Editorial: Faith’s Victors and Victims

Bad things happen to Christians. Frequently, the advice they are given by well-meaning believers is to “just trust God.” No better advice could be given – but what do we trust God for? Is it the successful end to the problem? Everything working out “happily ever after?” Or do we learn to trust God in a different manner? It brings into focus the question, “What is faith?”

Most minds turn, and rightly so, to Hebrews 11 when any discussion about faith is raised. It is the chapter of the heroes and heroines of faith. As the writer runs out of room to detail the lives of those he would like to include, he lists a long group of people in a general way, without mentioning all their names (Heb 11:32-38). The list contains victors in their conflict with the world (vv32-35a), but it also contains a list of those who were victims to the world (vv35b-38). It tells of those who were homeless and never recovered their homes. It recounts some who were slain and tormented, who wandered in deserts and mountains. They were never vindicated; they were far from being “victorious” in the eyes of the society in which they lived. Were they deficient in faith? Were they somehow marked by less faith than those who were in verses 32-35? There was no happy ending to their trials!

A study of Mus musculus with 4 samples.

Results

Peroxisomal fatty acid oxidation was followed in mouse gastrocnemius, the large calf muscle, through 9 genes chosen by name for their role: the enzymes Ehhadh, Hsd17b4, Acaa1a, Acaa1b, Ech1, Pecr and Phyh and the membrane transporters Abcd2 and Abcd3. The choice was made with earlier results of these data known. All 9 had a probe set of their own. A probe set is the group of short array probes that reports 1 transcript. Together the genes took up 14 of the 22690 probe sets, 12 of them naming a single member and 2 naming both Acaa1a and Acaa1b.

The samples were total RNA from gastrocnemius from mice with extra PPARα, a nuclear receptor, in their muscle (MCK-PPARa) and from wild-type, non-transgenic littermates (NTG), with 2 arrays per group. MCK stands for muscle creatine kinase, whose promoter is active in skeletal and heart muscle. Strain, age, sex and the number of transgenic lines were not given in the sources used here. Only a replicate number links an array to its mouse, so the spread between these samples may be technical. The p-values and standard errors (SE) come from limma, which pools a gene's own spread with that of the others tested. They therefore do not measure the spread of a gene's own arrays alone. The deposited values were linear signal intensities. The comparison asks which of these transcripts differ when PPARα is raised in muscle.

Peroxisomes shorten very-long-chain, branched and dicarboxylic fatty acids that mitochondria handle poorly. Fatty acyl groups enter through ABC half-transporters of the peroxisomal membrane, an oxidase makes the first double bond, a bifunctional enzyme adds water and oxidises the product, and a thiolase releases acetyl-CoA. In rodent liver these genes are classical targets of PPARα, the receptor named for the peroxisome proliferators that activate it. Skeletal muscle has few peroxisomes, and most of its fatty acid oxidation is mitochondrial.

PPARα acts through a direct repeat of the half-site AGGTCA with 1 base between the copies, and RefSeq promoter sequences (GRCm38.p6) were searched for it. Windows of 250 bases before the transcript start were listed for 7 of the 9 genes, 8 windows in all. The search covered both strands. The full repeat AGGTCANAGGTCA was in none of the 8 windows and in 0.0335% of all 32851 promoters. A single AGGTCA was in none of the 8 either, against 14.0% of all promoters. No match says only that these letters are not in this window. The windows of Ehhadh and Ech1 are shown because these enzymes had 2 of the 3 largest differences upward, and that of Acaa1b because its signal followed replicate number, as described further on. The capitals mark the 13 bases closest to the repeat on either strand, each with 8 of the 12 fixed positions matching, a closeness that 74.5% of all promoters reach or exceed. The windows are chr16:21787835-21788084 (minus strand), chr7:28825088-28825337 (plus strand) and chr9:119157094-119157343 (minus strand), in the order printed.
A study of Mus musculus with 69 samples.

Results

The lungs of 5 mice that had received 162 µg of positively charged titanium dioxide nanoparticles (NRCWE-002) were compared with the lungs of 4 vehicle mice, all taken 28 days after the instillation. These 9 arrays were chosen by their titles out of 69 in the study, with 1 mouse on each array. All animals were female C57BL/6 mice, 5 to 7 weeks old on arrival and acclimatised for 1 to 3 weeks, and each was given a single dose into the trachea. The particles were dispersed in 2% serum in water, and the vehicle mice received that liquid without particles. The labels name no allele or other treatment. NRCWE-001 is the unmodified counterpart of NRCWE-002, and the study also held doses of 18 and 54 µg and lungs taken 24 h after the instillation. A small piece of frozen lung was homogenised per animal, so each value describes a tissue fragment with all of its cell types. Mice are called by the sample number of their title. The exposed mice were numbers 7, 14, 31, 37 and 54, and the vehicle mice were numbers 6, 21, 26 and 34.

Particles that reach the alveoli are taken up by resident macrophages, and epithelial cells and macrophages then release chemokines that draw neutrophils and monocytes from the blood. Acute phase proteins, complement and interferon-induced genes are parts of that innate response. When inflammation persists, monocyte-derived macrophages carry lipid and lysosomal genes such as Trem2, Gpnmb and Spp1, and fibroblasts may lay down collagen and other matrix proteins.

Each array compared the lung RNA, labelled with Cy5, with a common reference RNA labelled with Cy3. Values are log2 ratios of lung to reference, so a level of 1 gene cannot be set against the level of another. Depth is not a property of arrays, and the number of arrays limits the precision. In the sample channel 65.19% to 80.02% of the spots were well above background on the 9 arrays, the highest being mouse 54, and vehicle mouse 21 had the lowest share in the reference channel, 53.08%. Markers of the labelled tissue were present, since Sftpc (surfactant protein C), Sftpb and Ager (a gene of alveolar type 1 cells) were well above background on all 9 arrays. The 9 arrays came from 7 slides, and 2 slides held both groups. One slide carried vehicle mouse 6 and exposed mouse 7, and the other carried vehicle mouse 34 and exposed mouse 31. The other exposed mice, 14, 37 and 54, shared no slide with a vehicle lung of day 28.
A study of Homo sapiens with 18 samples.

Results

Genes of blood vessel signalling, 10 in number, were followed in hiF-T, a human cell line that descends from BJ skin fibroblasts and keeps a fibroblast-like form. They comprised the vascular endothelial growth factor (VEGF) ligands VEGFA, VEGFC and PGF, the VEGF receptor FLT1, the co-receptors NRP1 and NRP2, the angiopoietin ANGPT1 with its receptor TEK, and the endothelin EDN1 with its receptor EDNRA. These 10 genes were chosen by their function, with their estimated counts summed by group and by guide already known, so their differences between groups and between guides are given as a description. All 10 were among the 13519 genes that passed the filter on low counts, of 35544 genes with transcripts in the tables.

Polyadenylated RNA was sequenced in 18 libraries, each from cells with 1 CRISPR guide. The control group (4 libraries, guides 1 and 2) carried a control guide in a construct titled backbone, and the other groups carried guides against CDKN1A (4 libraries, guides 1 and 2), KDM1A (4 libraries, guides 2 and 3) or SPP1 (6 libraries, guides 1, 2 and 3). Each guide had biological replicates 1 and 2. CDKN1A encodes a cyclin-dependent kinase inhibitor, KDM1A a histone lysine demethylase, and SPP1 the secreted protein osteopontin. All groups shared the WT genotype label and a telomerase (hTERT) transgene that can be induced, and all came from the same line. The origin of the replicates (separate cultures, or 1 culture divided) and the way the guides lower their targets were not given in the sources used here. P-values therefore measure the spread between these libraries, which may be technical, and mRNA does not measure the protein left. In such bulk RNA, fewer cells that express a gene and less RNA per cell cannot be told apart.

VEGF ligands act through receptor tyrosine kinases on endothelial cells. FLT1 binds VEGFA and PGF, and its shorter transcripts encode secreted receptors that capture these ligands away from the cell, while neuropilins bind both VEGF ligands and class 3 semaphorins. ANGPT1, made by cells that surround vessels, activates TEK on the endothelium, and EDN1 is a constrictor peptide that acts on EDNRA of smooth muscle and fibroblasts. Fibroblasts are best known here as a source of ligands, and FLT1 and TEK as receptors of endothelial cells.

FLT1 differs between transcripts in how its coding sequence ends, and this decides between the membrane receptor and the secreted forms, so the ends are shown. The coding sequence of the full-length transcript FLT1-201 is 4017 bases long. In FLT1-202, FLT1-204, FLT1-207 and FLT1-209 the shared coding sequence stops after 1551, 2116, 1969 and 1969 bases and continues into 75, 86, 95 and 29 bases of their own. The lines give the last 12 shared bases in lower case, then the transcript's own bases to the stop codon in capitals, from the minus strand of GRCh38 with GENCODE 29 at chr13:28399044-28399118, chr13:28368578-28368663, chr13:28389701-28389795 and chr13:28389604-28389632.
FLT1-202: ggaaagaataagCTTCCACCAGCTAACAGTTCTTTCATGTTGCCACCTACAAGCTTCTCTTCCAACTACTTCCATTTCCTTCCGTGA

All of this helps to bring into better focus what faith and trust really are. We do not trust God to bring about the ending of a trial in the manner we would like. We have no basis for such faith. Faith always requires a word from God (Rom 10:17); it is believing what God has said. He has not told me that my trial will end in glorious victory to the awe and astonishment of all who look on. I have no Scripture to promise me that the storm will end in dramatic fashion. He has assured me that anything that comes into my life comes with the potential to make me a better Christian (James 1:3, 4). Faith, then, is primarily in the Word of God and in His character.

Trusting God in the storm means that I am content to leave all in His hand. I may emerge a victor or a victim. But in either case, I am actually a victor. God can use any and every trial, regardless of how painful the circumstances, to bring about spiritual good for me. It may not initially come packaged as such, but trust in God assures me that, in the end, His wisdom and skill will triumph.